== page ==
Home

Department of Comparative Politics

Research project

Money power and gender balance in politics

Sampol-professor Ragnhild Louise Muriaas’ new research project “Money Talks” will research how financial means affect women's political representation.

dsc_07592.jpg

Bergen-based researchers connected to the research project.
The "Money Talks" project has connected renowned scholars from around the world. The Bergen based researchers connected to the project are Jana Birke Belschner, Matthew Gichoci, Ragnhild Louise Muriaas, Vibeke Wang and Lars Svåsand, from the Department of Comparative Politics and CMI.
Photo:
Mariana Q. Rød

Over the last decades there has been a lot of focus on initiatives that can bolster women's political representation, such as quotas. Currently 39 percent of countries worldwide have adopted a gender quota system, but there are limits to what gender quotas can achieve. One important element has been given little attention: the power of money, such as economic incentives, funds targeting women etc., which can be viable alternatives or supplements to quotas. Muriaas found this puzzling, and wanted to look into different initiatives which focus on funding as a mechanism to achieve gender balance;

- I got very excited when I heard about two campaigns. One was Emily’s list in the United States. This organization facilitates women candidates as long as they agree to promote pro-choice. The second one was the 50-50 campaign in Malawi. This was a donor and government sponsored campaign that earmarked funds for women who wanted to run for a political office. I found these initiatives very interesting. They are kind of similar and emerged in candidate centered electoral systems where election campaigns are known to be expensive, and they are also less compatible with legislated gender quotas as there is only one representative per constituency.

Government officials, international agents and women’s activists have all pointed to lack of resources as a key barrier for women’s political engagement. One of the project’s aims is to develop a clearer typology:

- We term interventions that use funding as a remedy to promote gender balance in political office as Gendered Electoral Financing. The commonality between different kinds of gendered electoral financing schemes is that they all assume that funding incentivizes a shift in political behavior. The first aim of the project is to develop a typology of different kinds of Gendered Electoral Financing and to build theories about its causes and consequences.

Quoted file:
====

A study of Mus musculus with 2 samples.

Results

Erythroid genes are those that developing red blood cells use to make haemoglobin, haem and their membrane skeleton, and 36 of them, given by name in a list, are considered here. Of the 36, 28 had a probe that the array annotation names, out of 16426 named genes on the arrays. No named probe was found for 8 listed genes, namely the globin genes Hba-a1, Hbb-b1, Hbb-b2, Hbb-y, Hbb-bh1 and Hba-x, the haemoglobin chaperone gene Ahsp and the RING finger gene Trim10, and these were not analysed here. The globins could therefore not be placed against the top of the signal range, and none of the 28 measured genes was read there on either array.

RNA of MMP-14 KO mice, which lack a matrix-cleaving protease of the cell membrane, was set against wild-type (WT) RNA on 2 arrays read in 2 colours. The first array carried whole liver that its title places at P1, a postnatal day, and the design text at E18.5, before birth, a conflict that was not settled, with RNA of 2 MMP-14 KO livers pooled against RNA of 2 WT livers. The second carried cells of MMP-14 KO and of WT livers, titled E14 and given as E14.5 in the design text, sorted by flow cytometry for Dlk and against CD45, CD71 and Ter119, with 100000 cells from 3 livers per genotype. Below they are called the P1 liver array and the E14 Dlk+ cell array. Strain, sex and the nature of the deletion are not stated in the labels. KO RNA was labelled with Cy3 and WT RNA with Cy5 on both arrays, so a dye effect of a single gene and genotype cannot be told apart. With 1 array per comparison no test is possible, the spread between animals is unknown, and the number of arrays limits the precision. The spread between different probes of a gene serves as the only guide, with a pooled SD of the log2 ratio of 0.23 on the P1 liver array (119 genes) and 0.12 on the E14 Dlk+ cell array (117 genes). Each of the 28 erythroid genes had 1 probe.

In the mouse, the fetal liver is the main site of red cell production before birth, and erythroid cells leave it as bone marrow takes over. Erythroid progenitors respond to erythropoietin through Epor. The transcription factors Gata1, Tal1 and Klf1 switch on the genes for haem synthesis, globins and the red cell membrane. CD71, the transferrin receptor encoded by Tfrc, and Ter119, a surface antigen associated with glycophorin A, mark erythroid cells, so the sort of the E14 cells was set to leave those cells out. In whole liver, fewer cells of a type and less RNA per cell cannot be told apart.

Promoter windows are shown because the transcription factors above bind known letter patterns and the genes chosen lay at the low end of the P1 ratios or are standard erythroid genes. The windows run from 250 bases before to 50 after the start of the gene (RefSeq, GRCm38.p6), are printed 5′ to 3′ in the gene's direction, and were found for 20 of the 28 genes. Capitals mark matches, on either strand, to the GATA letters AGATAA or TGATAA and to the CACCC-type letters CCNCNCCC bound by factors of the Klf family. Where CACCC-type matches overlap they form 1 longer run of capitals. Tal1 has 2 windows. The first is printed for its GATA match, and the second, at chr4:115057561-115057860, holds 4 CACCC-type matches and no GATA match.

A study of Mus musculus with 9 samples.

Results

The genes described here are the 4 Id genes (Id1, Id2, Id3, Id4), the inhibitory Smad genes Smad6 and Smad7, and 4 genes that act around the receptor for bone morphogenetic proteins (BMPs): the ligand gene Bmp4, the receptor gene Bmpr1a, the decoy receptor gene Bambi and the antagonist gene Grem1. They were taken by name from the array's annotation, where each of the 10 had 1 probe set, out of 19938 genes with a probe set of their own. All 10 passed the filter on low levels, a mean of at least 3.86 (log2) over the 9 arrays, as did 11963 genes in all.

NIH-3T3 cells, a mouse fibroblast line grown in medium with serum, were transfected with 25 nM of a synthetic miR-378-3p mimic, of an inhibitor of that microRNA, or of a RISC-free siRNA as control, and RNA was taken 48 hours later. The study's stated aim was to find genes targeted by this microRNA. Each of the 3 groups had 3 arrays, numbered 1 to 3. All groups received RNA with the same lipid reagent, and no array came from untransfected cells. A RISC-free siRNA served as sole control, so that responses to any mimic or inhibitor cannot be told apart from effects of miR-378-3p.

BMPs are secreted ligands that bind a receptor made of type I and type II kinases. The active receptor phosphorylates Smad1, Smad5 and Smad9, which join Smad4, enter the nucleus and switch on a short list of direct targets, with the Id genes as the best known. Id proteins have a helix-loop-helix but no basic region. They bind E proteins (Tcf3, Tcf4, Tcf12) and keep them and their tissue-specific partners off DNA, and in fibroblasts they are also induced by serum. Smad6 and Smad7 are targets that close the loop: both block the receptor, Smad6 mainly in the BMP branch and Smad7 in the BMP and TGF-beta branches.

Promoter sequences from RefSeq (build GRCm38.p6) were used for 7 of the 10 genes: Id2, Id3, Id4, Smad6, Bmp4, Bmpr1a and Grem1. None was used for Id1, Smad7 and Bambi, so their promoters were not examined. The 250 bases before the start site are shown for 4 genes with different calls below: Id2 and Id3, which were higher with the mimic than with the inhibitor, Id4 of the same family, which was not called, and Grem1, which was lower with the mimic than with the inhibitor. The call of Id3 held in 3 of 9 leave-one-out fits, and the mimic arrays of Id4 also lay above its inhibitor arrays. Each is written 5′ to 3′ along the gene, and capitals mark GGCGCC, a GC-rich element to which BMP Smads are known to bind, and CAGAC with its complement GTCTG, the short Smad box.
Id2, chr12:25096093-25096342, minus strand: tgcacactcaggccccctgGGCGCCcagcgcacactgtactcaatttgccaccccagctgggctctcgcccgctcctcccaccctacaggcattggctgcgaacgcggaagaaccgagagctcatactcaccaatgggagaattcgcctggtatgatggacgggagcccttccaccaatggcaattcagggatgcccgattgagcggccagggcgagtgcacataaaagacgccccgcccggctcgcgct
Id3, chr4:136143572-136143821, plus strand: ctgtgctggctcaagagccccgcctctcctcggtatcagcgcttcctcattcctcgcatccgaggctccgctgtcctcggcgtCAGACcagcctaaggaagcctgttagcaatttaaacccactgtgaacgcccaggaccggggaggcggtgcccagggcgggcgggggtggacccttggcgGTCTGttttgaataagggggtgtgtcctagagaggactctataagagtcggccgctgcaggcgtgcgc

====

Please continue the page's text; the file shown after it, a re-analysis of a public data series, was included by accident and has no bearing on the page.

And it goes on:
Field studies are selected to cover two distinctive types of gendered electoral financing. The party oriented type is design to increase the demand for women in politics by incentivizing parties to nominate women through positive or negative financial sanctions. The candidate oriented type targets the supply side of political recruitment, by incentivizing women to run or stand for elections by providing cost relief through gender based funding or reduced expenses.

In addition to being the project leader, Muriaas will also contribute with her own research.

- My main contribution is to build new theoretical arguments based on different comparative case studies. My main countries are Cape Verde and Malawi, and I have been involved in interviewing successful and not-successful electoral candidates from different political parties about their experience in running for elections. In particular, we focus on the combination of background ambition, barriers and opportunities. This has been extremely interesting and we have been able to look into how particularly financial background, time and network affects someone’s chances to get elected.

Muriaas has clear goals for the project:

- My aim is to diversify our ideas of what kind of interventions that are in use to promote gender balance and to study the effects of financial incentives on political behavior. I also have a political goal with the project. I hope to show that even if the contexts are clearly different in various regions, some structural features and candidates’ experiences of running for elections can be quite similar. And you know, the world soon proved us right. We have experienced that the process of candidate selection and elections have passed by as planned in Malawi and Ghana, while our research design was really challenged by the snap elections in the UK and the success of Emmanuel Macron and En Marche! in France. We were supposed to study candidate selection in institutionalized parties and woops – the main parties in France got into serious trouble.  

The project is cross-regional and covers cases like the United Kingdom, Malawi, France, Ghana, Cape Verde, Ireland, Kenya and Tunisia. The common factor between these different countries is that governments or activists have promoted different kinds of gendered electoral financing schemes. The broad empirical focus is employed to identify mechanisms that are context specific and those that are more general;

- I am particularly grateful that we have managed to move across the very strict regional lines that often applies in our discipline, says Muriaas.

Money Talks is funded by the Research Council of Norway (FRIPRO), and will be an active project until December 2020. In addition to the Bergen-based researchers, several well-accomplised international scholars in the field of gender and politics have joined the project.